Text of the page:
Israel Mission Day 2 by Rabbi Marc Israel

Originally posted at

Today was every bit as full, as meaningful, as sad, as hopeful, and as exhausting as I thought it would be. I’m going to briefly summarize the day.

We started the day with a briefing by US Ambassador Jack Lew at our hotel and then went to the Foreign Minister office to speak with Elad Strohmayer (Director of Congressional Relations) Hamutal Rogel Fuchs (Director of Jewish Communities) and Rasha Atamny (staffs the US-Israel Bi-lateral Cooperation and Israel’s first Muslim diplomat). We next went across town to meet with Talia Levanon, CEO of The Israel Trauma Center at the Jerusalem Ramada Hotel (the hotel is now housing refugees from a religious neighborhood in Sderot). From there we drove to Kibbutz Mishmar Haemek (near Megiddo), to meet with families who were evacuated from Kibbutz Nachal Oz on the Gaza border and then returned to Jerusalem to get to Beit HaNasi (the President’s House), where we were welcomed by and asked questions of President Bujie Herzog. We closed the evening with a dinner conversation with Yossi Klein HaLevi from the Hartman Institute.

Like yesterday, several themes emerged from these meetings, some of which were difficult, some of which are inspiring:

  1. The feeling that the government abandoned the people.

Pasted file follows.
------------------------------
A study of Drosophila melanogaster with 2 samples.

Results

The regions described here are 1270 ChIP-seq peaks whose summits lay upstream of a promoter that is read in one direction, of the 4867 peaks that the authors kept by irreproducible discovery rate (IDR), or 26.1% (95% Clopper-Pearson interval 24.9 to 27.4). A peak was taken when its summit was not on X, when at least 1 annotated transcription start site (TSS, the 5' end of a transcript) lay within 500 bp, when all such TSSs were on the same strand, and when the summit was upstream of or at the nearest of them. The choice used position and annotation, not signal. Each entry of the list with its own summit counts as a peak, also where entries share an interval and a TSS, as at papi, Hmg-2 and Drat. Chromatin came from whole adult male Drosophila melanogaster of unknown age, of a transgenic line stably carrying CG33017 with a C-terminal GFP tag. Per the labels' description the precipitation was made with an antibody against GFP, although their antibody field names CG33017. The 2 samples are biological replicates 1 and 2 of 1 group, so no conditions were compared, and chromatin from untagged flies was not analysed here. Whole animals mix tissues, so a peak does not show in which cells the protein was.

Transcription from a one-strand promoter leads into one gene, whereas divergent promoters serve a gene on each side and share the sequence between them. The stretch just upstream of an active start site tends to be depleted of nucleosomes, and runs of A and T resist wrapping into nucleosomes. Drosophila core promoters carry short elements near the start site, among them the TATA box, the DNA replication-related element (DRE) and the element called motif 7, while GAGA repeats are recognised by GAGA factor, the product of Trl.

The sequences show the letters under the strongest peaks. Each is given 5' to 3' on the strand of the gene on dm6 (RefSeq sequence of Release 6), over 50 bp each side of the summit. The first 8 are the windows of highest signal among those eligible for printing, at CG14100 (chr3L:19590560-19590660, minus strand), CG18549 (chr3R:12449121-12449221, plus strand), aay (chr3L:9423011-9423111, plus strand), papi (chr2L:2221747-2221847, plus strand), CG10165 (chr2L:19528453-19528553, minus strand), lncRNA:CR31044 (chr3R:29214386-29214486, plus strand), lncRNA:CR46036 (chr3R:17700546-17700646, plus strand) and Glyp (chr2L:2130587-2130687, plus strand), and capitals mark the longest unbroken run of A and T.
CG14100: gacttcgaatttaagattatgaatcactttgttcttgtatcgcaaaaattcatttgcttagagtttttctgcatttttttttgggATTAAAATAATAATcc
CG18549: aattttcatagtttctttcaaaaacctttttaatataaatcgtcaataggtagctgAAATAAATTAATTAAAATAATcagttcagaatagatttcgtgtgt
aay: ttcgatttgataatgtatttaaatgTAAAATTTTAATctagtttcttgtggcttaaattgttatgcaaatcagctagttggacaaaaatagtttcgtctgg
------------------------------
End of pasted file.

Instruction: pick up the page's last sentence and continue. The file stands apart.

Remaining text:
2. The breakdown of trust in the Army’s ability to protect its citizens.
  3. A newfound sense of unity of purpose among the people, both to free the hostages and eliminate Hamas from power.
  4. The incredible resilience and kindness that Israeli civilians society has displayed and organized in the absence of government support.
  5. And again, a tremendous level of gratefulness to American Jews, President Biden and the continued bi-partisan American support.

In the past, when Israelis talked about defending themselves, it often carried a sense of bravado that made me uncomfortable. But I discovered today that the absence of the bravado that I heard today was even more difficult. The Army is slowly rebuilding trust. The government is not. The people are strong and resilient and this, more than anything, is what gives me hope.